Design Patterns and Video Games

2D Strategy Game (6): Game logic

We start the design and implementation of the game logic using the Command pattern. Then, we use it to fill areas:

This post is part of the 2D Strategy Game series

Advanced Command pattern

We implement game logic with a more advanced Command pattern:

Advanced Command pattern

The Command interface has three methods, some providing a new feature:

Implementation: the addCommand() method of the Logic class adds the command to the command list. The executeCommands() method runs all scheduled commands:

def executeCommands(self):
    commands = self.__commands.copy()
    priorities = sorted(commands.keys())
    for priority in priorities:
        command = commands[priority]
        if not command.check(self):

Lines 2-3 copy the list in a variable and clear the attribute. We must proceed this way if the commands schedule commands. Thanks to this copy, we add commands to the attribute, not the list currently processed.

Line 4 sorts the priority levels. The key() method returns a list of dictionary keys, and the sorted() function returns a sorted list. As a result, priorities contains the priority levels from the lowest to the highest.

Line 5 iterates through these levels, and line 6 gets the command corresponding to the current priority. Then, if the check() method returns False, we end the current iteration (lines 7-8). Finally, we run the command (line 9).


We create three command classes to update cells in each layer type (ground, impassable, and objects). These classes inherit a SetLayerValueCommand class with shared features:

Commands for updating the world cells

Commands priority

The priority() method of the SetLayerValueCommand class return a priority level that depends on the cell to update:

def priority(self) -> int:
    return WORLD_PRIORITY + self._coords[0] + self._coords[1] * WORLD_MAX_WIDTH

The main idea is to compute a unique integer value for each cell and for the update case. The expression self._coords[0] + self._coords[1] * WORLD_MAX_WIDTH is the usual conversion from 2D to 1D coordinates x + y * width. We assume that WORLD_MAX_WIDTH contains the highest with of the world; this is something we should check when creating or loading a level.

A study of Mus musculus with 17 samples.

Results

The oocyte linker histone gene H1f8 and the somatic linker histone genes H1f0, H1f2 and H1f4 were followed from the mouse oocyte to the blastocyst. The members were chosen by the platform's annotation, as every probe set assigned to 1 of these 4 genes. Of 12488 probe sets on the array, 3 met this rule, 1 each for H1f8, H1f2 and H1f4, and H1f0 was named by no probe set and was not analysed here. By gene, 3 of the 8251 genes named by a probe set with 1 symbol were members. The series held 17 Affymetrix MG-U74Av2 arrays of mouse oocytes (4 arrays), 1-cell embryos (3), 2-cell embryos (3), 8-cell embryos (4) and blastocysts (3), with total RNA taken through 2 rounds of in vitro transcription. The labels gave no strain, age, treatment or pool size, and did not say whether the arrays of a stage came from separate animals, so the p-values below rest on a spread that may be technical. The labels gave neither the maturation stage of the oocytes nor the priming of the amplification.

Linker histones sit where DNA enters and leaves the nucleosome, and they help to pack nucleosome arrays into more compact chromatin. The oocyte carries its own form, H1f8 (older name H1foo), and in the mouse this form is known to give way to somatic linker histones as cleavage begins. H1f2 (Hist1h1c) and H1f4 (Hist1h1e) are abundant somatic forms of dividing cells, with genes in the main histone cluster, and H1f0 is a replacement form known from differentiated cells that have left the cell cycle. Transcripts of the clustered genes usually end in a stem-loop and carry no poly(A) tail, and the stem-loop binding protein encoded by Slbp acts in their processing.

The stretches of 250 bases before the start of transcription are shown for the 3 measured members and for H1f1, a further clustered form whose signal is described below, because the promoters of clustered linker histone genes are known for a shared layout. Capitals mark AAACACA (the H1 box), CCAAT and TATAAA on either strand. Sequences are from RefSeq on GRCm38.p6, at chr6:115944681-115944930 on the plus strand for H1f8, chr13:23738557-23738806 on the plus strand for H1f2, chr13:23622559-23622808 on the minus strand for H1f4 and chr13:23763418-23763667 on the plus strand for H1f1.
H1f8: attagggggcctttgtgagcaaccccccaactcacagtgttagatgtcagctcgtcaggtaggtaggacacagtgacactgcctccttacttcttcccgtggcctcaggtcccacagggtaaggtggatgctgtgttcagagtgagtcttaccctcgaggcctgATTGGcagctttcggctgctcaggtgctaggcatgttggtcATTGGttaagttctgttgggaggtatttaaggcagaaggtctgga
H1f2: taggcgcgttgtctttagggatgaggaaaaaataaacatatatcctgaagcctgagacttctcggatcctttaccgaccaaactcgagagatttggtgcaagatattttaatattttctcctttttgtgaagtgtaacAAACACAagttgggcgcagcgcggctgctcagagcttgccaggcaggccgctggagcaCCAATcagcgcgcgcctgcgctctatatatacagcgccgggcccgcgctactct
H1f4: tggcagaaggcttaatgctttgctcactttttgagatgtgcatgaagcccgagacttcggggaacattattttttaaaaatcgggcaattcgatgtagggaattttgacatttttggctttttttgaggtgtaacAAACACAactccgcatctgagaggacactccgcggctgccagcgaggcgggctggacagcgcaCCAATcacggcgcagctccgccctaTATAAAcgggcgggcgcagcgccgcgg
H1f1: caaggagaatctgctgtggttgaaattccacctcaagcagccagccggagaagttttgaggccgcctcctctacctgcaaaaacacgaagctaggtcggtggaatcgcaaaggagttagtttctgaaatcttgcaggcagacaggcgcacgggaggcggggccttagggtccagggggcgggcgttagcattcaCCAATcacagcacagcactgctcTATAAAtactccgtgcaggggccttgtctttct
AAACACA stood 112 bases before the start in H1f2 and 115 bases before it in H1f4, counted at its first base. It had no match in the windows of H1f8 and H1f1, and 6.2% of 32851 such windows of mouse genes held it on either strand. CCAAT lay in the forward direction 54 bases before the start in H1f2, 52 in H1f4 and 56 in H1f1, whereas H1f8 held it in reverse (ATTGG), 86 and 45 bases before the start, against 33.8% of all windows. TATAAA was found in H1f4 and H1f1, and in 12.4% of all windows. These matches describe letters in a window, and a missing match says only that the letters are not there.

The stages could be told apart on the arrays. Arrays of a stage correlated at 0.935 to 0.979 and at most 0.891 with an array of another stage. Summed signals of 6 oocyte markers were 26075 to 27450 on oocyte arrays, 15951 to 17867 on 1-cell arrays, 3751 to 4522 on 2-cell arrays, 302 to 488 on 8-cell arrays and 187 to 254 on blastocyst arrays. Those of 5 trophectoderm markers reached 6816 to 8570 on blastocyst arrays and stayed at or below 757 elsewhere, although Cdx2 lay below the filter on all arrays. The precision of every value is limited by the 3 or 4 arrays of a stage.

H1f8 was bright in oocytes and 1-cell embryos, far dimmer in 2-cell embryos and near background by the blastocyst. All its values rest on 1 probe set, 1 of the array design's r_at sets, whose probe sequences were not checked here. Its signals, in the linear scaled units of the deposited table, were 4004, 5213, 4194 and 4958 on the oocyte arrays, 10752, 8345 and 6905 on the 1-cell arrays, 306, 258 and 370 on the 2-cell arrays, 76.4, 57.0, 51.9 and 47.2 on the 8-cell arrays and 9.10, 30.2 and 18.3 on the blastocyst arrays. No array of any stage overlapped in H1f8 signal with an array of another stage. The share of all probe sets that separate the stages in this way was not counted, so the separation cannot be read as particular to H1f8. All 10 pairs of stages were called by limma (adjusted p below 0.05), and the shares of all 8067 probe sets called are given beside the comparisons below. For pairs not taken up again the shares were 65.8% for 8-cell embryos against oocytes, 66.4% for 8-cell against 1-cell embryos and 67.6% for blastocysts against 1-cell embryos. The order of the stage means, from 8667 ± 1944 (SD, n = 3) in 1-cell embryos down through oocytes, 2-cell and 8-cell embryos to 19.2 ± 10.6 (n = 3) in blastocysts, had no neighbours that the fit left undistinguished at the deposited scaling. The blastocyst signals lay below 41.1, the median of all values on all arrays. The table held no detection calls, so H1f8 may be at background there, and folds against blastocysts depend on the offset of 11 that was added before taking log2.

The WORLD_PRIORITY value is set to ensure that the priority values don't intersect with others. Right now, these commands are the only ones, so we don't have to worry about that: it will be useful later.

Note that all layer command classes share this priority() method: it means that we can only update a cell for a single layer. It is a design choice; if we want to update a cell on several layers simultaneously, we need to create a different set of priority values for each layer.

Command check

The check() method of the SetGroundValueCommand() returns True if the command leads to an update:

def check(self, logic: Logic) -> bool:
    value = self._value
    if not checkCellValue("ground", value):
        return False
    coords = self._coords
    world =
    if not world.contains(coords):
        return False

    value = self._value
    groundValue = world.ground.getValue(coords)
    if value == groundValue:  # Value already set
        return False

    if value == CellValue.GROUND_SEA:  # Sea case
        impassableValue = world.impassable.getValue(coords)
        if impassableValue != CellValue.NONE:
            return False
        objectsValue = world.objects.getValue(coords)
        if objectsValue != CellValue.NONE:
            return False

    return True

Lines 2-4 ensure that the value we want to set is correct. For instance, for the ground layer, the possible values are 101 and 102. As before, we don't want to add these values in the code: we collect them in a specific place (the CellValue class). Moreover, we also put the logic that checks these values in the same python file with the checkCellValue() function:

CellValueRanges = {
    "ground": (101, 103),
    "impassable": (201, 204),
    "objects": (301, 311)
def checkCellValue(layer: str, value: CellValue):
    if layer != "ground" and value == CellValue.NONE:
        return True
    valueRange = CellValueRanges[layer]
    return valueRange[0] <= value < valueRange[1]

Note that we also try to write compact code even for implementing this function. For example, we use the CellValueRanges dictionary in place of a large if...elif block to get the value ranges.

The remaining lines of the check() method ensure that we don't try to remove ground under an existing element in another layer.

The implementation of the check() method in the other command classes is similar.

Command execution

The execute() method of the SetGroundValueCommand() sets the value and schedule new commands if we ask for a fill:

def execute(self, logic: Logic):
    coords = self._coords
    value = self._value
    ground =
    ground.setValue(coords, value)

    if self._fill:
        x, y = coords[0], coords[1]
        logic.addCommand(SetGroundValueCommand((x + 1, y), value, True))
        logic.addCommand(SetGroundValueCommand((x - 1, y), value, True))
        logic.addCommand(SetGroundValueCommand((x, y + 1), value, True))
        logic.addCommand(SetGroundValueCommand((x, y - 1), value, True))

Lines 8-12 add a command in each direction around the current cell at (x,y). The game logic will execute these commands during the next game epoch. Consequently, if you run the program and click with the middle button, the area around the mouse cursor is slowly filled with a random object. It is because it runs at the pace of the game epoch update, which is 30 times per second (see the end of the main game loop in the run() method of UserInterface).

Final program

Download code and assets

In the next post, I add a cache to reduce rendering time.